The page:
In the past decade, there's been a lot of media attention on high-profile ransomware attacks like Wannacry. Much of that buzz is focused on its devastating effects, but the stories suggest another trend — hackers are increasingly reliant on using ransomware to target victims.
Ransomware attacks are so powerful and pervasive because hackers only need to find one small vulnerability in a device to lock it. If that device is connected to a network, hackers can go find even more devices to infect. And most breaches occur because of human error, so if your coworker accidentally clicks on a phishing email with ransomware inside, it could shut down an entire company's servers.
Then the hacker demands payment to free up services again. From 2005 to 2016, the Department of Justice said it received about 7,700 ransomware complaints accounting for more than $57 million in payments.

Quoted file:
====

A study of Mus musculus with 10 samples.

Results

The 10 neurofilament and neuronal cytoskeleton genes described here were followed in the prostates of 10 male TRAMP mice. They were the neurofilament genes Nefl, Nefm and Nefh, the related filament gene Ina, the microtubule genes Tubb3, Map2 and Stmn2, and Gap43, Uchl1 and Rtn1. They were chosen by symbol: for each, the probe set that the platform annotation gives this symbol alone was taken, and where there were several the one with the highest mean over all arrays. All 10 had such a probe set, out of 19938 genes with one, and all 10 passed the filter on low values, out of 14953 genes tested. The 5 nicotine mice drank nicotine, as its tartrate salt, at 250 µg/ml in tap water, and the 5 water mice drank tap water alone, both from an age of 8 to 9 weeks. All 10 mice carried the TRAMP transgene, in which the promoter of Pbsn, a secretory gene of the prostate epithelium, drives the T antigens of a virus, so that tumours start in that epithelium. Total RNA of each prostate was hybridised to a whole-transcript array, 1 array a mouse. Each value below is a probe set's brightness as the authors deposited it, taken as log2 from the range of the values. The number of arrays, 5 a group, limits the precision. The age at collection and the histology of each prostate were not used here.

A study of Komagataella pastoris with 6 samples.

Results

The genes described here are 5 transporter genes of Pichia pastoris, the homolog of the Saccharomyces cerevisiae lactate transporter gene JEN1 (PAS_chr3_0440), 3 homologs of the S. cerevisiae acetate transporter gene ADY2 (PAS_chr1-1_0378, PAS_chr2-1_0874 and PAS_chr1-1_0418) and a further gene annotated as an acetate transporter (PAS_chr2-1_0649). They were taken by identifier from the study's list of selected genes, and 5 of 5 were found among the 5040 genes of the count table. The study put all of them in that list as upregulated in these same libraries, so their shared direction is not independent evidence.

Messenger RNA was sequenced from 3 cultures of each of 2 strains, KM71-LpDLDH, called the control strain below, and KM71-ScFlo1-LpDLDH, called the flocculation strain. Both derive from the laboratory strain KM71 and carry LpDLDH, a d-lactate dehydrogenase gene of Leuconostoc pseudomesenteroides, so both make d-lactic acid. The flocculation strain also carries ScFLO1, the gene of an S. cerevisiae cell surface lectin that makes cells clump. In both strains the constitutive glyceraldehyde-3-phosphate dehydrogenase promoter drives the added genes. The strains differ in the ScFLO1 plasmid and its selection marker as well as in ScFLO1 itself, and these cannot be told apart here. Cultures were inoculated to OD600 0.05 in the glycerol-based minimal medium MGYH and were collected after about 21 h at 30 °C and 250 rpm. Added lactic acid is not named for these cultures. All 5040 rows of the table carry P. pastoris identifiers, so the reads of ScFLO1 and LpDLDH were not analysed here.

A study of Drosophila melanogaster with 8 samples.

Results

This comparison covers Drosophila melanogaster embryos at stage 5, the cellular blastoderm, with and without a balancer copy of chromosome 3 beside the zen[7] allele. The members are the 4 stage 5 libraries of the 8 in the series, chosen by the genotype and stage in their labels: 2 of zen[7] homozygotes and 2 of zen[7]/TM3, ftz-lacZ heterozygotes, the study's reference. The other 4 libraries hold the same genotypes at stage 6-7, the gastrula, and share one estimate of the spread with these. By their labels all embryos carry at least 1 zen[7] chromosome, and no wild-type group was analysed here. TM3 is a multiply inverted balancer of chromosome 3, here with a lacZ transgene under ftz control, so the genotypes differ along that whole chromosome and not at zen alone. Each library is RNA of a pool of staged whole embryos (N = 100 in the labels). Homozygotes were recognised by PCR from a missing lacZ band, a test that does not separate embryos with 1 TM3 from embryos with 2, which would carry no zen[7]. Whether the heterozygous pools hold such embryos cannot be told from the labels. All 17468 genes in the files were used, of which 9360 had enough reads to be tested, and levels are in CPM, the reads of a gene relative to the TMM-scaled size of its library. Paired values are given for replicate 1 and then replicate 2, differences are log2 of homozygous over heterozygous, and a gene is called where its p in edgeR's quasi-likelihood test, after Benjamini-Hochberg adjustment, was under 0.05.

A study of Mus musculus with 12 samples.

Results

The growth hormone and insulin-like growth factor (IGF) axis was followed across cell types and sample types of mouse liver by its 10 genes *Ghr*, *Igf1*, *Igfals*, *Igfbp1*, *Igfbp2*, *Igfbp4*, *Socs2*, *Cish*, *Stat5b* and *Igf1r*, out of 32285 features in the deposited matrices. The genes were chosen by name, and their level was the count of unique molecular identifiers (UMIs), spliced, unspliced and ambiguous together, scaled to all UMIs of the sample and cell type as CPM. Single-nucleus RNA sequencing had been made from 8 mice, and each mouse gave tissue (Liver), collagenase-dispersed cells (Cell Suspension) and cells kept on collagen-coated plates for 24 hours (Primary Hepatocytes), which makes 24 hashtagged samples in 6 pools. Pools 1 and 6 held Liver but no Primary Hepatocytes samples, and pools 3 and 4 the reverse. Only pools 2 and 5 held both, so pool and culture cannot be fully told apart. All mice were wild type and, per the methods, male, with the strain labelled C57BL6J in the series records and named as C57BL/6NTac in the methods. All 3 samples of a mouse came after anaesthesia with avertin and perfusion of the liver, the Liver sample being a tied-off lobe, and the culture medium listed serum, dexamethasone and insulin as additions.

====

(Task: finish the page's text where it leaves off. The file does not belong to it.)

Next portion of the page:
In recent years, there's been a large uptick in ransomware attacks because they've become more reliable as an economic extortion tool. Tech firm Malwarebytes found that in 2017, ransomware detections increased by 90 percent from the year prior. Insurance firm AIG said it received more cyber claims in 2017 than it had in the previous four years combined, with ransomware being the top cause.
Part of that has to do with the rise of Bitcoin. It's become the most common form of payment for hackers because they say it helps protect their anonymity.
Hackers have also shifted away from hitting individuals with malware and have instead gone for a few large groups with deep pockets, like city governments or hospitals. Many of these institutions run on outdated software, so if hackers find a single vulnerability, they can shut down essential services until they get a payment.
But cybersecurity experts say there is an overlooked way to keep hackers at bay — by staying current with software updates. Equifax noted that when 143 million users' personal data was compromised, it was because of a vulnerability that it had been warned about but never fixed.